5 amazing iPad e-books for kids

Welcome to the real reason the iPad will kill the Kindle: children's books. They're colorful, interactive, and amazing.

Rick Broida Senior Editor
Rick Broida is the author of numerous books and thousands of reviews, features and blog posts. He writes CNET's popular Cheapskate blog and co-hosts Protocol 1: A Travelers Podcast (about the TV show Travelers). He lives in Michigan, where he previously owned two escape rooms (chronicled in the ebook "I Was a Middle-Aged Zombie").
Rick Broida
3 min read

If you ask me, the iPad's prowess as an e-book reader lies not in pulp fiction, but in kids' books. Think about it: the latest Grisham novel is just raw text, which any old Kindle can deliver. But children's books are all about big, splashy pictures and wild colors--elements perfectly suited to iPad screens.

And needless to say, the iPad can do a lot more than just display static pages. It can read stories aloud; it can enrich a classic tale with touch-powered extras; and it can even render pages in 3D. Let's take a look at five dazzling e-books for kids, starting with an eye-popping rendition of "Alice in Wonderland."

1."Alice for the iPad"  This lavishly illustrated 52-page abridgment of the classic tale incorporates animation like no other e-book to date. Readers can tilt the iPad to make Alice grow and shrink; shake it to watch the Mad Hatter's bobblehead bobble; and so on. The frantically paced demo video (above) is a little over-the-top, but there's no question this is a showpiece iPad app. Thankfully, there's a free Lite version you can try before splurging on the $8.99 full version.

The classic "Jack in the Beanstalk" gets a terrific iPad makeover. Ayars Animation

2. Dr. Seuss books  Already among my favorites (uh, I mean, my kids' favorites) on the iPhone, Oceanhouse Media's three Seuss titles--"Dr. Seuss' ABC," "The Cat in the Hat," and "How the Grinch Stole Christmas"--are just that much bigger and better on the iPad. Each interactive story sells for $2.99--quite a bit less than their respective hardcovers (as it should be). Oh, and stay tuned: one of my all-time favorite Seuss titles, "The Lorax," will make its iPad/iPhone debut in about a week.

3. "Jack and the Beanstalk Children's Interactive Storybook"  I think the title says it all, no? The "interactive" part comes in the form of games, activities, hidden Easter eggs, and the like. Gorgeous artwork, read-along text, and a reasonable price tag of $3.99. What's not to like?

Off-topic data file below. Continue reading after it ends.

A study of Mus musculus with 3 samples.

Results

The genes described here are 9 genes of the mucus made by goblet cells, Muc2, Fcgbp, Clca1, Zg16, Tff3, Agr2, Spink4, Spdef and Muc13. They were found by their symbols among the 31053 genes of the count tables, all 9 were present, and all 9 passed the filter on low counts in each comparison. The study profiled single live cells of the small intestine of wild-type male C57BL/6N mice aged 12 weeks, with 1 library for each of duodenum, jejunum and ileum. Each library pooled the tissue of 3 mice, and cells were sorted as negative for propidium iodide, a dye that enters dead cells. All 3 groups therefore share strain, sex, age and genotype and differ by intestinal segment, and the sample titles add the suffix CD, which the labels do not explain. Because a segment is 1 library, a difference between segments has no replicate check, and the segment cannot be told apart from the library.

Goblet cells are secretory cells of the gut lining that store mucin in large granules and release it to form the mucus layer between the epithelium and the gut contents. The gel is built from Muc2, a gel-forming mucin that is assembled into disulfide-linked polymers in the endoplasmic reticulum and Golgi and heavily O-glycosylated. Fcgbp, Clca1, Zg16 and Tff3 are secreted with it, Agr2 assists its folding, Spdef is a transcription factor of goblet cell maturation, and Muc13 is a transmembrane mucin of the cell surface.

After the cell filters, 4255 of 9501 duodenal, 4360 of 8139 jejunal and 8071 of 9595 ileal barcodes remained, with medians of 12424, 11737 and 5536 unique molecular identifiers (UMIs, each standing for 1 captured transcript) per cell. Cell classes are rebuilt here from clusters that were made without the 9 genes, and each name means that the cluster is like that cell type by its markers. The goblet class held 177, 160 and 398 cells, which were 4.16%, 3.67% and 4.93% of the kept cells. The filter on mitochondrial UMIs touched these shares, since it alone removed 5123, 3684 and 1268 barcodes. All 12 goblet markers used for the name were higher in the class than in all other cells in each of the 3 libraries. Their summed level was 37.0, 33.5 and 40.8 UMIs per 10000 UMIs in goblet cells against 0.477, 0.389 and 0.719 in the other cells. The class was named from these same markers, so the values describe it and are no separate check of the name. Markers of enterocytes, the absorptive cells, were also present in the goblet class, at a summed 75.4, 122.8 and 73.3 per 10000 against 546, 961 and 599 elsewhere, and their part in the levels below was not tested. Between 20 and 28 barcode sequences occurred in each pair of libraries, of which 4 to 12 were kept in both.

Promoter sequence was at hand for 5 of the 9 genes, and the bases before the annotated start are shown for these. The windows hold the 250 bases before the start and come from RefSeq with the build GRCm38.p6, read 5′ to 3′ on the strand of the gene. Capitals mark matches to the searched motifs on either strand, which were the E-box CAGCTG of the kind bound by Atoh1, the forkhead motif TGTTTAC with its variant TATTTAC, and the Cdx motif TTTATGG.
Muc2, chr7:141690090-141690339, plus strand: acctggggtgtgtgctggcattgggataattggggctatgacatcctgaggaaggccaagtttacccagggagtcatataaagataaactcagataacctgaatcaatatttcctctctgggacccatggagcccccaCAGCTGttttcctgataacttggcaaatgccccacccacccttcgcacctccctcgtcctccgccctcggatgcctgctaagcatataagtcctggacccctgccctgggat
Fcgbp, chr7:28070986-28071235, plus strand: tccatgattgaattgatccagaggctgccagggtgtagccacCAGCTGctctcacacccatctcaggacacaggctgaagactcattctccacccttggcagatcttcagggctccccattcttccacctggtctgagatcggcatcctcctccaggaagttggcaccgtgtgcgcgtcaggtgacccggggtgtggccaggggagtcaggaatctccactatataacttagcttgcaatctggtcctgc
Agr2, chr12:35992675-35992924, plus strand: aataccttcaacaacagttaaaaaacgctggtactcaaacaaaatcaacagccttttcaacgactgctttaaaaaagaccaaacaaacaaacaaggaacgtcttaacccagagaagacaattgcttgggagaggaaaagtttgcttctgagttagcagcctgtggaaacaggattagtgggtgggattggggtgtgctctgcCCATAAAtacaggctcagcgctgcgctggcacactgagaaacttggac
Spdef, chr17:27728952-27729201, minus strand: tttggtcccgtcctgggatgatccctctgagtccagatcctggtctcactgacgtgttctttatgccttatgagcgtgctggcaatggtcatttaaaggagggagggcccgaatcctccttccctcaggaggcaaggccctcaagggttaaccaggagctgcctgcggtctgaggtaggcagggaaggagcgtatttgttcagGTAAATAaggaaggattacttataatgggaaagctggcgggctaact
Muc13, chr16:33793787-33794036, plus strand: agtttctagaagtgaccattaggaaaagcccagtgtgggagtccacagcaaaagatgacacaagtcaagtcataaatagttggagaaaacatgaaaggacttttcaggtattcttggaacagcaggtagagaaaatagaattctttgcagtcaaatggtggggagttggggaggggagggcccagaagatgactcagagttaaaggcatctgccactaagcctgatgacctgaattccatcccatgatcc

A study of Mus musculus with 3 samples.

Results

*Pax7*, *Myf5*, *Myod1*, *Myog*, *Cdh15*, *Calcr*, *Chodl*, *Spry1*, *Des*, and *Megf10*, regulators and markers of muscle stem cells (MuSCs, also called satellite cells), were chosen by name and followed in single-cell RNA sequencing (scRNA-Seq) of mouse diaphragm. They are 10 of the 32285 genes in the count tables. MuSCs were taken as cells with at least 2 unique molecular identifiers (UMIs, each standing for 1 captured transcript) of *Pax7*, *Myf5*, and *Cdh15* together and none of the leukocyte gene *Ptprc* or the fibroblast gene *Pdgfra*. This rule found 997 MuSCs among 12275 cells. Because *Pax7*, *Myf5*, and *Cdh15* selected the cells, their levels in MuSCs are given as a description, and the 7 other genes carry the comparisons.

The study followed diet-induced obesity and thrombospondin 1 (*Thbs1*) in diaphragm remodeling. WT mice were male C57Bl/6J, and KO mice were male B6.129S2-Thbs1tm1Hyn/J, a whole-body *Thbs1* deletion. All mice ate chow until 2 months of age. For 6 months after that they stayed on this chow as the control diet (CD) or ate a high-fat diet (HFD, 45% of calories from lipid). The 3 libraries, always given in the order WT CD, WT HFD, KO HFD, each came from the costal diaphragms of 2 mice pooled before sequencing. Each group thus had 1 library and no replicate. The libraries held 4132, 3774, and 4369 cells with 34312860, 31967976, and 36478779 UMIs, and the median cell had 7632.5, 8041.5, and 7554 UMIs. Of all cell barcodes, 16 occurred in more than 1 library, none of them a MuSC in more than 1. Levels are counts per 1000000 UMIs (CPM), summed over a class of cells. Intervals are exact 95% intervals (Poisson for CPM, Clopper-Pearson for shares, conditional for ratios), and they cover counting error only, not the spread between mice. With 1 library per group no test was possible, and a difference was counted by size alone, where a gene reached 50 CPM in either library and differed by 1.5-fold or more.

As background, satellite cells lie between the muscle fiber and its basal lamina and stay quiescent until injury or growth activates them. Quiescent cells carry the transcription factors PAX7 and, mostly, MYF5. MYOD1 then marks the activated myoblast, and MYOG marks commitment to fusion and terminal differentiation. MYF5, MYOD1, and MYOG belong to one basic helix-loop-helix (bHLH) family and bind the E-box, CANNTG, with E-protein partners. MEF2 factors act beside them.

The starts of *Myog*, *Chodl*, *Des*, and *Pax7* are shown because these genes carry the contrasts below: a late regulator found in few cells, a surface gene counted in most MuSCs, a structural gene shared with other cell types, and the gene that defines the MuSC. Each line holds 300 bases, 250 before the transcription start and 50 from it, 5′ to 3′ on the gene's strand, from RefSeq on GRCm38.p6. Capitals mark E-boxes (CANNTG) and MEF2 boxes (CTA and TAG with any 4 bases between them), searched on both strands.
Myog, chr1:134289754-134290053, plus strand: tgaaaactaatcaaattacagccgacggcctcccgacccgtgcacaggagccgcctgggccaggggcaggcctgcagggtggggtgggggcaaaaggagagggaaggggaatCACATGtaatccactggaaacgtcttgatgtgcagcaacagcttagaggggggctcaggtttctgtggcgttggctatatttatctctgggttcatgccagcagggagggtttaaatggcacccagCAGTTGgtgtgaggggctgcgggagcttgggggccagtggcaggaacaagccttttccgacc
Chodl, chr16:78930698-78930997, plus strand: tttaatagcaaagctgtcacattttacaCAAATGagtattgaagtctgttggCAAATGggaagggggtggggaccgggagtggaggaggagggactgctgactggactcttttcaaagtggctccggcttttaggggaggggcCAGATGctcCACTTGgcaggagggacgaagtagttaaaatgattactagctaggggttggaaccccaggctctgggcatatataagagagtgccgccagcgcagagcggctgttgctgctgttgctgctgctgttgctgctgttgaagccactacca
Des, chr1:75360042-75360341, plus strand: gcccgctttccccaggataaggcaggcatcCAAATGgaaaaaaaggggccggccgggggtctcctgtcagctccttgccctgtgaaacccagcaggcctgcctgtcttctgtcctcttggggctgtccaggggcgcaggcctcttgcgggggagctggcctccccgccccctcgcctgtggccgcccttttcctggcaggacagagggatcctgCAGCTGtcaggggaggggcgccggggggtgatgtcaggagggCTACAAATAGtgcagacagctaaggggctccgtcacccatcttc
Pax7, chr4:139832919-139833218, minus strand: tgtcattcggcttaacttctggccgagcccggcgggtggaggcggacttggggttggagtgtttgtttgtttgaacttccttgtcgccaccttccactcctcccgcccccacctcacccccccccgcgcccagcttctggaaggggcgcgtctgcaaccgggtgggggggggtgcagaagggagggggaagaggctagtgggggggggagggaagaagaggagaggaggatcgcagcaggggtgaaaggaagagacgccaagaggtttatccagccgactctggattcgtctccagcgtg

4. "Toy Story Read-Along"  The model for how children's e-books should be done, Disney's highly interactive app leverages the iPad's potential like few others. Not only does it read the story out loud, it also allows your child to record his or her voice and become the narrator. Each animated page features tap-to-play sound effects and character voices, and some can morph into coloring pages, complete with simple onscreen coloring tools. Songs, movie clips, and mini games round out the experience. Amazingly, the app is free (meaning it's a must-have), though "Toy Story 2 Read-Along" (and, presumably, future Disney titles) will run you $8.99.

5. "The Wrong Side of the Bed in 3D"  This is interesting. Children's book author-illustrator Wallace E. Keller founded See Here Studios, turned his own out-of-print title into an e-book, and gave it a 3D makeover. (Narration and musical accompaniment, too.) Any traditional red/cyan 3D glasses will do (you can order a pair from the publisher for $1), though don't expect "Avatar"-level imagery: the effect is fairly minimal. Do expect a cute little story (which can also be viewed in 2D) accompanied by lovely illustrations. The HD version of the app costs $2.99; iPhone and iPod owners can snag it for 99 cents.

What do you think of the iPad as a children's e-book reader? Have you found any other titles worth mentioning? Share your thoughts in the comments. (And don't miss the incredible Marvel Comics app, which proves that comics are equally well-suited to the iPad's generous display.)